How Alcohol Affects Women


Physical Effects of Alcohol Abuse in Women

Women’s bodies are more susceptible to the damaging effects of alcohol abuse. For example, alcohol-related liver disease and brain damage affects women more quickly, and is triggered by lower doses of alcohol than in men. 

Psychological Effects of Alcohol Abuse in Women

Shame

Women are more likely to experience shame and stigma than men. This can make them less likely to speak out about their addiction problems. This is particularly true if they have children, because they may be afraid of being labelled as a bad mother.

Depression/Anxiety

Women suffering alcohol addiction problems experience higher rates of depression and anxiety, at four times the rate of the general population. In many cases, these psychological symptoms are relieved once the patient is treated for addiction problems.

Self-Harm and Suicide

Women suffering alcohol addiction problems are more likely to self harm, particularly those aged 20 to 29. According to some research, as many as 50% of young women with alcohol problems may attempt suicide.

Abuse

Women suffering addiction problems are more likely to have experienced abuse, assault and other traumatic experiences.

Alcohol Addiction and Eating Disorders

Addicted people are far more likely to experience eating disorders than the general population. Eating disorders share some characteristics with addiction, such as impaired impulse control and experience of cravings. In some cases, an eating disorder can be masked by an addiction problem, and will emerge once the addiction problem is treated.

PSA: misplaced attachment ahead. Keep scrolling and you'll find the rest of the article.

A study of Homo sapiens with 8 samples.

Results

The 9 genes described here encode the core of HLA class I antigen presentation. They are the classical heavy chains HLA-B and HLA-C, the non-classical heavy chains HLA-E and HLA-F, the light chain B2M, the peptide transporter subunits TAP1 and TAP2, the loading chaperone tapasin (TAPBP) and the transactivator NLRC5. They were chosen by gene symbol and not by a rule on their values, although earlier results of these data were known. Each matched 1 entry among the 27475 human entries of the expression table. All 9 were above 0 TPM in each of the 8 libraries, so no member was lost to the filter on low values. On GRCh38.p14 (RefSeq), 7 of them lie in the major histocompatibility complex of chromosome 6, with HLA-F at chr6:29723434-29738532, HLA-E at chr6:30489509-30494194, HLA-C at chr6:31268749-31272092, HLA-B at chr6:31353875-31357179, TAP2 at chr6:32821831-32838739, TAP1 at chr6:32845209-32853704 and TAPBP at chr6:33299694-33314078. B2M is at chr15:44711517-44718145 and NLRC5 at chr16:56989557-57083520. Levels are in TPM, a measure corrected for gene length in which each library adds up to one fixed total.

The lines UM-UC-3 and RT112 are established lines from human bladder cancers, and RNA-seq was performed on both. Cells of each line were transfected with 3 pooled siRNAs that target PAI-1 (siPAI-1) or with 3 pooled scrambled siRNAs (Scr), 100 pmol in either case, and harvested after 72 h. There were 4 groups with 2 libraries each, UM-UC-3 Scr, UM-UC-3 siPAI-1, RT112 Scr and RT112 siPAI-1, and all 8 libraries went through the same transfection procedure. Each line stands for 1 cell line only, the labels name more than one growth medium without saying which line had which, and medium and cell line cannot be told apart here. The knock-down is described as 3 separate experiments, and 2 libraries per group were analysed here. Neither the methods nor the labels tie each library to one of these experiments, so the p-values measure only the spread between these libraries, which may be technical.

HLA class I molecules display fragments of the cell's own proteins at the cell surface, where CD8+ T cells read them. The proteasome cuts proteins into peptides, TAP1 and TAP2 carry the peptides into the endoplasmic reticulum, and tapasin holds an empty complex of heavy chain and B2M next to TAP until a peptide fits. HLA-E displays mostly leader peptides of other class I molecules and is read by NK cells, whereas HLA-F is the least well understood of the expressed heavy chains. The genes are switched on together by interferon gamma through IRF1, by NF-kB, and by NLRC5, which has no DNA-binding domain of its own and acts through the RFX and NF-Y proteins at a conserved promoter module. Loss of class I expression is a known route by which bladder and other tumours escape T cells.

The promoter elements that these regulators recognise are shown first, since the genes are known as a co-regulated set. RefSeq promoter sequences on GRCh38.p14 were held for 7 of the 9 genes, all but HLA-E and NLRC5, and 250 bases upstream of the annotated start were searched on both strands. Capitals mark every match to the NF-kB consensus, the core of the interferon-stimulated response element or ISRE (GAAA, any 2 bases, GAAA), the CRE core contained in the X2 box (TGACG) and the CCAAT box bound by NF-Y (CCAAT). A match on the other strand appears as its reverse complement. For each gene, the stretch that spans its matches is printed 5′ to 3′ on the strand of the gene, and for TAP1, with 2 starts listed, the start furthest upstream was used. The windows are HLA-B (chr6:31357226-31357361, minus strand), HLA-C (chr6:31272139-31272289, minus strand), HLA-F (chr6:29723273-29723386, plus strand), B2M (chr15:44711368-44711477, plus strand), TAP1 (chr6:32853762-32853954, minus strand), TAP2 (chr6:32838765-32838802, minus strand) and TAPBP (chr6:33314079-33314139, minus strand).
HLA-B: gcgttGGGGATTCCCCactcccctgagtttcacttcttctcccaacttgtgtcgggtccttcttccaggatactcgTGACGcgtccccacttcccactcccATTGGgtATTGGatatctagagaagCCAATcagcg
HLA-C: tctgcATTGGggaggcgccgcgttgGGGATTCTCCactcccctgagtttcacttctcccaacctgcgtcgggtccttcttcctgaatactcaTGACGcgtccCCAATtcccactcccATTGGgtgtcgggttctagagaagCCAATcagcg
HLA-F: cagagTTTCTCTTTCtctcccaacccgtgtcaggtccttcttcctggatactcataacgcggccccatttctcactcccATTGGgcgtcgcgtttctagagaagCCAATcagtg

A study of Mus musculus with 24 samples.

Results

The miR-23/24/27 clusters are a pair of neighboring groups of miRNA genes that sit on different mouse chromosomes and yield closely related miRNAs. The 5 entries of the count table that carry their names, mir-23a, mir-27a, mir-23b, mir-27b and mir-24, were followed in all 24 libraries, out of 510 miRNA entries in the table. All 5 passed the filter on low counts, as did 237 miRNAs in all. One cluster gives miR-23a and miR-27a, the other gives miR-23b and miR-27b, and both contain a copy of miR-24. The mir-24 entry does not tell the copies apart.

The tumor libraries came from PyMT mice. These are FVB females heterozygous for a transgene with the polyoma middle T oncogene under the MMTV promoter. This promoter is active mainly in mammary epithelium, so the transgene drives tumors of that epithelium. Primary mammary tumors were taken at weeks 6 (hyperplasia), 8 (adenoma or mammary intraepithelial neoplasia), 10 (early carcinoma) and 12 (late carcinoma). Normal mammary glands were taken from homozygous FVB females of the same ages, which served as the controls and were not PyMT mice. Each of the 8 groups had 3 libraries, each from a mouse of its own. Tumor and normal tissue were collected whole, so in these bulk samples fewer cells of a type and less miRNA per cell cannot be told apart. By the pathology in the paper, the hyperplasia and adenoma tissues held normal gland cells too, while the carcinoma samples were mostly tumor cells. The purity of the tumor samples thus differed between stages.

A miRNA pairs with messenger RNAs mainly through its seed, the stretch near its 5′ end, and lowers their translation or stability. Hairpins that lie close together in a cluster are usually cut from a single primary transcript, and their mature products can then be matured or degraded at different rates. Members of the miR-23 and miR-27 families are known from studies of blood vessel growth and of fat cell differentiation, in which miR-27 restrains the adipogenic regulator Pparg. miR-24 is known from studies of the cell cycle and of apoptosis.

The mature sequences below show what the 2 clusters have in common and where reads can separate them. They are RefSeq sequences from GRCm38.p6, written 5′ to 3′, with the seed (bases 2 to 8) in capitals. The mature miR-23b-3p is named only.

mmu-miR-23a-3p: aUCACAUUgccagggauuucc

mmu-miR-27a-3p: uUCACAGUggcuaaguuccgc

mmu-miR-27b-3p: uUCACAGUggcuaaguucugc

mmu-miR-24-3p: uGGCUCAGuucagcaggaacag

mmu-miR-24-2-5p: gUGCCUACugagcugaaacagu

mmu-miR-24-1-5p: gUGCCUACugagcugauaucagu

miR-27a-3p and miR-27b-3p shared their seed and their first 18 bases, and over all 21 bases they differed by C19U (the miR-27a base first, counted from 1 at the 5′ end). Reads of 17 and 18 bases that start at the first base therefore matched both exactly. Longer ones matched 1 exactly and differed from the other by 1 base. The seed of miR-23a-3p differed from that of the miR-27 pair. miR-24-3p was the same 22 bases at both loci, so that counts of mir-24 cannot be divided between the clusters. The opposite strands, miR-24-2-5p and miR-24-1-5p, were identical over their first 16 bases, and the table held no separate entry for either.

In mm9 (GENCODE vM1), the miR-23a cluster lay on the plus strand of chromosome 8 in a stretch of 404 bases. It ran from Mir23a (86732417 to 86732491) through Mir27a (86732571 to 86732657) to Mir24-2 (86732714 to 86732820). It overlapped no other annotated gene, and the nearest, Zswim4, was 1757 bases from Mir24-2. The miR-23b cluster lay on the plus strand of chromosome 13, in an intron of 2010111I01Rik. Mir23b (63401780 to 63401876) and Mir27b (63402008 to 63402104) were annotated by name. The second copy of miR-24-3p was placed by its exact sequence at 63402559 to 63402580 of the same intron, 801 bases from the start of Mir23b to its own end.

Alcohol Addiction often Overlaps with Drug Addiction

Women suffering from alcohol addiction may also experience a problematic relationship with other drugs.

Residential Rehab for Addicted Women

Residential rehab is often the best treatment option for women suffering from alcohol addiction problems. This is because residential rehab is the most effective type of treatment for co-occurring psychological issues such as anxiety and depression.

It is also a good option for women in emotionally or physically abusive relationships because it removes them from the influence of their partner. It also minimises the exposure to relapse triggers, such as walking past the shop you always buy alcohol in. This is very beneficial during the early stages of recovery, when the patient may be more susceptible to environmental triggers.